With the latest edition of the annual RIBA Research Symposium coming up in just a few weeks’ time, we’re taking the opportunity to focus on some interesting domestic retrofit projects. The Symposium “Home Truths” on Thursday 4 October will look at issues of sustainability, conservation and design quality in relation to the refurbishment of existing housing stock. Tickets are £96 for RIBA members, £120 for non-members, and £30 for students – visit the webpage for more information and to book, or call 020 7307 3714.

First results are in from the IFORE retrofit project that is being supported by the European Regional Development Fund’s Interreg programme and led by the University of Brighton.  IFORE now has pre-retrofit monitoring information which will form a benchmark against which to judge the carbon savings resulting from the building works that are currently underway.

100 houses are being retrofitted, in both England and France.  The sample is sufficiently large for evaluation of a range of results and the energy savings being made as a result of ongoing community engagement programmes in both countries.  The houses are being intensively monitored before and after the works to measure the technical benefits and to assess the contribution made by tenants.  Evaluation of the results is being carried out by the academic partners, the Department of Architecture at Brighton, and the Laboratory of Civil Engineering and Geo-Environment at Université d’Artois.

Interreg projects entail the exchange of experience and expertise across borders.  The UK housing association partner AmicusHorizon has gained capability in community engagement over a number of years, and in France, Pas-de-Calais Habitat’s innovative approach to technology is bringing advanced ventilation and passive solar components for testing at both sites.  Occupant behaviour is such a large determinant of success that Green Doctors are working within both communities.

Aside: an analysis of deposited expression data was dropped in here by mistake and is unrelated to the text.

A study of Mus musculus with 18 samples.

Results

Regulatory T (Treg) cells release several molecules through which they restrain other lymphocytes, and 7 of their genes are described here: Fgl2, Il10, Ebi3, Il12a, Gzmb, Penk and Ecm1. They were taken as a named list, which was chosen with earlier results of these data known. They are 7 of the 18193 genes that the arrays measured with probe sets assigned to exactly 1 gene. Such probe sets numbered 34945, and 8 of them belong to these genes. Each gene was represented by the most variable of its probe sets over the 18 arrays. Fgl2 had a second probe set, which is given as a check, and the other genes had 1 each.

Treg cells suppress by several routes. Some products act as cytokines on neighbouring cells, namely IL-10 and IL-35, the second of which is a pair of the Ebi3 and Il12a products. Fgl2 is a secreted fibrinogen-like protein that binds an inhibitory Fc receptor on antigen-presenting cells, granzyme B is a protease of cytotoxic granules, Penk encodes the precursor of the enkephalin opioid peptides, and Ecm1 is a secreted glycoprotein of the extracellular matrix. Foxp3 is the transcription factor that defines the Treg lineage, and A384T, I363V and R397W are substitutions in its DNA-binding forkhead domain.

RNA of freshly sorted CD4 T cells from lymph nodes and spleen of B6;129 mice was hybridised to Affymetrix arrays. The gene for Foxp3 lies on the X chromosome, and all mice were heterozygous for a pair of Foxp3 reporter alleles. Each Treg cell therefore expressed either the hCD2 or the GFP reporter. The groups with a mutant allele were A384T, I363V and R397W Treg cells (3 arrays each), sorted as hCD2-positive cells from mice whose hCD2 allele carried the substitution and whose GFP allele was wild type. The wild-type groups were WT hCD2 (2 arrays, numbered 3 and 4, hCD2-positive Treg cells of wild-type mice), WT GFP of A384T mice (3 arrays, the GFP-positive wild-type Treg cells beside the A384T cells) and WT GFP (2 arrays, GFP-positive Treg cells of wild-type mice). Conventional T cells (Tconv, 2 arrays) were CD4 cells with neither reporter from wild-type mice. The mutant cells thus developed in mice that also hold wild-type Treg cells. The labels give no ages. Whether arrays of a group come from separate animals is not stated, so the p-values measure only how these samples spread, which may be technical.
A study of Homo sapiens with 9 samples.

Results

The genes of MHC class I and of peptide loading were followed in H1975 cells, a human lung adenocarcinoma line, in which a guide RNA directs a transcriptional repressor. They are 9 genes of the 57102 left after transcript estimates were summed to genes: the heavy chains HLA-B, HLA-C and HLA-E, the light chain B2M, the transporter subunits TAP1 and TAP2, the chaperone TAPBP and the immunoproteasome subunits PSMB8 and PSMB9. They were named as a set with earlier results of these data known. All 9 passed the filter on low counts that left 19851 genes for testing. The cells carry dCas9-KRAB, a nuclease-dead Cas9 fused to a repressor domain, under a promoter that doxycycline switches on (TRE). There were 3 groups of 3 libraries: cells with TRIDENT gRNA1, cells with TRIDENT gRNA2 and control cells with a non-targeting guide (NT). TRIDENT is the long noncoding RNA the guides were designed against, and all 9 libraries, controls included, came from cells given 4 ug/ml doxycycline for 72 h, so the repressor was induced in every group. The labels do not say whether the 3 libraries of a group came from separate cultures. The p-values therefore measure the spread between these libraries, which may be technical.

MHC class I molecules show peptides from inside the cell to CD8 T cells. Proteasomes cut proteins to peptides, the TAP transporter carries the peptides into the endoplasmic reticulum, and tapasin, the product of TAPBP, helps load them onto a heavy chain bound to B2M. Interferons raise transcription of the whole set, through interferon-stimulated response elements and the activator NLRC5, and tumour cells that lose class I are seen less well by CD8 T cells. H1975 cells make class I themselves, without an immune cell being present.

IFORE is a uniquely large-scale retrofit, allowing the relative performance of a variety of occupancies to be compared.  It is a vanguard project for the large-scale retrofits to follow once the Green Deal is underway.

With thanks to Mike McEvoy, University of Brighton for highlighting this project.

  1. Residential architect

    October 20, 2012

    Home design and retrofit – I think that the post-occupancy monitoring will be the most interesting aspect of this. The technical design and energy savings are predictable on paper, however the behaviour of the occupants contributes a lot to the actual energy savings both in residential and commercial projects. The scale of the research project should produce some interesting results I hope.